Going on Vacation? Your Ultimate Apartment Prep Checklist

If you’re going away for a couple of nights, you’re probably not thinking too much about what could happen to your apartment as it sits alone and unattended for such a short time. But what if you’re taking a much longer vacation? When do you need a friend or a family member to “check in” on your living quarter?

Indeed, apartment care doesn’t pause when you’re not home. If you follow this ultimate pre-vacation apartment prep checklist, you can be sure you’ll return home to an apartment that functions exactly as when you left it – and you’ll minimize any emergencies that could occur while you’re gone.

  1. Consider the season

The extremes of winter and summer can potentially damage your home. In winter, for example, low temperatures can cause the water in your pipes to freeze. This can result in your pipes malfunctioning or even bursting. 

One of the best safeguards against a burst pipe is to leave your heat on while you are away. This isn’t a worry if your landlord controls your heat, but if you have sway over your thermostat, make sure it’s left on no lower than 55 degrees Fahrenheit. Those who can may wish to turn off the water completely, especially if you’ll be away for several weeks.

In the summer, excessive heat and humidity can warp and rot wood. You may want to consider leaving your thermostat at 80 to 85 degrees Fahrenheit when you’re on vacation to prevent this from happening. The money you spend on air conditioning during your vacation will likely be less than whatever you’d spend repairing damaged wood.

2. Clear your fridge

Before you leave, freeze or eat any food you expect to spoil while you’re away. You can throw things away if you absolutely need to, but then you’re just piling up trash – and that presents its own set of problems.

3. Take out the trash

Make sure to completely empty all your home’s garbage and recycling cans before you leave. If you need to put your garbage and recycling bins curbside once or twice a week for collection, consider asking a friend or neighbor to handle this task for you. Trash piling up in front of your house or empty bins not being moved back to your property are signs that you’re away for a long time, exposing your home to potential burglars.

4. Consider keeping some lights on

A consistently dark house may attract potential burglars. Consider leaving some lights on to make it seem as though you’re home. You can ask a friend to come and go occasionally to turn lights on and off, or you can use a smart plug or other type of timer to program the lights to turn on at random intervals.

5. Safely store your valuables

Returning home from your dream vacation to a stolen laptop would sour what was otherwise an amazing trip. Hide your valuables or store them in a safe so that, if burglars do enter your home, your possessions will be safe. 

6. Unplug appliances

When you’re not using appliances, unplugging them is a great way to lower your energy bill. Non-essential appliances and electronics, such as the toaster oven or the TV, can simply be reconnected upon your return. When you’re gone for an extended period, unplugging appliances also decreases your home’s fire risk.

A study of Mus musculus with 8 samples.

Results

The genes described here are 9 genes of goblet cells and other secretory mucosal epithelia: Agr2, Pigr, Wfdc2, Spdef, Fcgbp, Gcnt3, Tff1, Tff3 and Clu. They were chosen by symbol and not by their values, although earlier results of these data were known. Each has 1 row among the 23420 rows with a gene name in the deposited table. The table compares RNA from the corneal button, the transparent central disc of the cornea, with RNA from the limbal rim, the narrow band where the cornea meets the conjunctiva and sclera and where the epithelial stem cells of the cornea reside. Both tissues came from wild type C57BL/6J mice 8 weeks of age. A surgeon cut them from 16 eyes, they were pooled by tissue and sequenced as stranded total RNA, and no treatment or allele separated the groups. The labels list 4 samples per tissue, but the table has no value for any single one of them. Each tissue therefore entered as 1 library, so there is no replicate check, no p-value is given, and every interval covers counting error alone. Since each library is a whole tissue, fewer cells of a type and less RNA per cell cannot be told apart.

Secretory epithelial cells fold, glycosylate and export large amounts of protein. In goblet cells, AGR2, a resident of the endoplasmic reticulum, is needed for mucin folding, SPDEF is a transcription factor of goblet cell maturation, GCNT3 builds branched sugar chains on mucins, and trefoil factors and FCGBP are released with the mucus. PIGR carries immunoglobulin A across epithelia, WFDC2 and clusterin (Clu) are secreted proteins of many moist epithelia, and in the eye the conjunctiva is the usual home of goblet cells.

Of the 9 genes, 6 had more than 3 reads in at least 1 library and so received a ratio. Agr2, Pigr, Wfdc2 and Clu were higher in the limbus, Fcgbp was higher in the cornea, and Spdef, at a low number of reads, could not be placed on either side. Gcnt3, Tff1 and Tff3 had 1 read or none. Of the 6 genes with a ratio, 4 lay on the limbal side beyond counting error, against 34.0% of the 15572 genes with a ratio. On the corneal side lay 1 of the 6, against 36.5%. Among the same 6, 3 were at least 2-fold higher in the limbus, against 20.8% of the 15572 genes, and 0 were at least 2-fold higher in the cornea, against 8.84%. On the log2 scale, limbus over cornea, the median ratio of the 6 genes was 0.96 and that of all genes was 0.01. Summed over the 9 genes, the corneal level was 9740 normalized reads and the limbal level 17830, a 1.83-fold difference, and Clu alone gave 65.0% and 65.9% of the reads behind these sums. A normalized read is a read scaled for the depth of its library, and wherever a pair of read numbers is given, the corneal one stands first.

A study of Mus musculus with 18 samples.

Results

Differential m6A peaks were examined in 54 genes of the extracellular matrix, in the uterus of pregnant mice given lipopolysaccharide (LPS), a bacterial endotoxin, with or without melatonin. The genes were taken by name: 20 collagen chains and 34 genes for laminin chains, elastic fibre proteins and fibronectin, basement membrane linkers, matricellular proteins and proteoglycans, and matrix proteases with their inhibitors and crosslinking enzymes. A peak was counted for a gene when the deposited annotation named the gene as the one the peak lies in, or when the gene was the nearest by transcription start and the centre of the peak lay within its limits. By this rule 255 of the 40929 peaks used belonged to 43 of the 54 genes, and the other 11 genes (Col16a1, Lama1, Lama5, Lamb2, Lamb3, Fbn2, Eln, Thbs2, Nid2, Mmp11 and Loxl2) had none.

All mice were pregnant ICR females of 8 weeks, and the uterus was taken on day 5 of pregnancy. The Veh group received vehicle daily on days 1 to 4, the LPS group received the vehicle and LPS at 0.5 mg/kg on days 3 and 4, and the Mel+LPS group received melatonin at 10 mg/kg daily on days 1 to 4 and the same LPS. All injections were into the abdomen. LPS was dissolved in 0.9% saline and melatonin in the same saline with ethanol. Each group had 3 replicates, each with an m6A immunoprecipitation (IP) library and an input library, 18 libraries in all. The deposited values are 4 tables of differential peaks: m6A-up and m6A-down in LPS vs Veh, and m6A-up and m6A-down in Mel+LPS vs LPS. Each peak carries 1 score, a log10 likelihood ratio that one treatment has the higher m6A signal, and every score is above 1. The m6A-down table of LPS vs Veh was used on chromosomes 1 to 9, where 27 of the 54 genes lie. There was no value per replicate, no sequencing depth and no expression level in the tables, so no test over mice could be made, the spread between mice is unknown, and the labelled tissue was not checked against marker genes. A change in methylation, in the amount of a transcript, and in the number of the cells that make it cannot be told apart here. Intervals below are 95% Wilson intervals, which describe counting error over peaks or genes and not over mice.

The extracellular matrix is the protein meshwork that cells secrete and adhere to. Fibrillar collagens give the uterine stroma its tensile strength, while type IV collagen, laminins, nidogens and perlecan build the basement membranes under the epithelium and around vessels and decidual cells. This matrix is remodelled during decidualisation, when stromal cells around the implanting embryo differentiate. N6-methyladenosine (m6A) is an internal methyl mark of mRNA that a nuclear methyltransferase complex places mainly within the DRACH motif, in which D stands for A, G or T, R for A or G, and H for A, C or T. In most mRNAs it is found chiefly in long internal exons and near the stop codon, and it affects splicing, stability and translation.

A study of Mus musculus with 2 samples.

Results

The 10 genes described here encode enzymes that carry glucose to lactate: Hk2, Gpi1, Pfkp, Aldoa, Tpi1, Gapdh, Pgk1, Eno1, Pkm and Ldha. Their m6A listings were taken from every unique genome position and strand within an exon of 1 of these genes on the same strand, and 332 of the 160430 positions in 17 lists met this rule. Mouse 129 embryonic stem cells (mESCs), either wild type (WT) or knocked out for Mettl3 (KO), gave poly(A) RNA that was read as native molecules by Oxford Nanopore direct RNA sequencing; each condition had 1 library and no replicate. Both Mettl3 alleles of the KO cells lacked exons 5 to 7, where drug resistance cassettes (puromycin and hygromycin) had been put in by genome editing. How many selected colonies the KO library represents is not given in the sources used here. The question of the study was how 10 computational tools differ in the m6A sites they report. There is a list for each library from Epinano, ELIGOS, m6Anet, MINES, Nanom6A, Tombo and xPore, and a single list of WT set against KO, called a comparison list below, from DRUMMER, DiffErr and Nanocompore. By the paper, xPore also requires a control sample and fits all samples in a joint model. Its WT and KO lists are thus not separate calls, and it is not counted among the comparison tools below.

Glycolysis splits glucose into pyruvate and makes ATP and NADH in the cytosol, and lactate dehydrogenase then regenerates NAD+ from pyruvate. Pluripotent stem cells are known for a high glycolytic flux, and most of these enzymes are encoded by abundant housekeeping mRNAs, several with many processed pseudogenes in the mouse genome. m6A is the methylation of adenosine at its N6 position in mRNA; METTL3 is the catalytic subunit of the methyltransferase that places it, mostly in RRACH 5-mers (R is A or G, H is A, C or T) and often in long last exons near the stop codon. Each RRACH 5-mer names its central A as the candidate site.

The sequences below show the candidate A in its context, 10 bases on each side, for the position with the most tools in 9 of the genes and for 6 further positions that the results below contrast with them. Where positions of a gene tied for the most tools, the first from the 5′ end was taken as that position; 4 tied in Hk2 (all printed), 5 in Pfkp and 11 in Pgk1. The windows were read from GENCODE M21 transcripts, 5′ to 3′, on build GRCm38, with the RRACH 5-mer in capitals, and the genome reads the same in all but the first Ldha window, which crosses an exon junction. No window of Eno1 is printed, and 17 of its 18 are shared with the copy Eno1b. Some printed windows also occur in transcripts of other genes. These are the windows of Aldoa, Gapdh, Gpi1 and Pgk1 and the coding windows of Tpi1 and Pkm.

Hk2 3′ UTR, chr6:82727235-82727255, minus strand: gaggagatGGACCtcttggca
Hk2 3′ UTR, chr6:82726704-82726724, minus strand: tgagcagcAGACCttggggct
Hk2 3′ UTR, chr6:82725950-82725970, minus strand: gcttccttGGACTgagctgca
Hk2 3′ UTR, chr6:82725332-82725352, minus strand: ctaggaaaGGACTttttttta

7. Check the washer and dryer

If you have a washer and dryer in your home, make sure you’ve dried any clothes sitting in the washer. Leaving wet clothes in the tight, humid confines of a washing machine creates a breeding ground for mold, turning your clothing into an unhealthy mess and creating a challenging, unpleasant cleanup situation. 

8. Bring outside objects inside

When you’re relaxing on a sunny beach and thinking about nothing, how could you know if a gigantic storm comes to your hometown? Avoid sending your outdoor possessions flying about in unexpected whipping winds – and possibly directly into your windows – by bringing them inside. If you do not have the space to bring everything inside, take in light objects first; these items can blow around easily and get lost for good if the wind is strong enough.

9. You don’t have to do it alone

When you’re gone, you can have friends stop by your apartment to check on it and take care of basic upkeep tasks. Plants to water? Cats to feed? A friend can take care of that (though, for dogs, you’ll want to consider dog sitting or boarding instead). You’ll also want a friend to collect your mail, because an untouched mail pile is a dead giveaway that nobody’s home.

10. Set up animal care

If Fido, Fluffy, or even Fred the lizard aren’t coming with you on your travels, ensure that all care arrangements are in place. Depending on your pet’s personality and the nature of your trip, you may want to consider long-term boarding, dropping off your pet with a friend or family member, or hire a professional or trusted loved one to come over and feed, walk, and play with your animals each day you’re away.

11. Leave a key with a trusted friend

Emergencies do happen, and if you cannot get into your apartment, you may need someone to enter on your behalf. Ensure that a trusted neighbor, friend, or family member has a copy of your key.

You may want to notify your landlord for extra peace of mind. This decision is entirely up to you and depends on your relationship with your landlord. For example, you may be more likely to notify your landlord if you live below or above them in the same building, but you may not see the need to notify a large management company.

12. Lock up!

Your very final step in preparing your apartment for vacation is to lock everything. This doesn’t just mean the front door – windows, back doors, side doors, and any other potential entryways should be locked tight as well. Lock up right before you head out to thoroughly ensure a worry-free vacation.

How do you prep your apartment for vacation? Share your tips in the comments!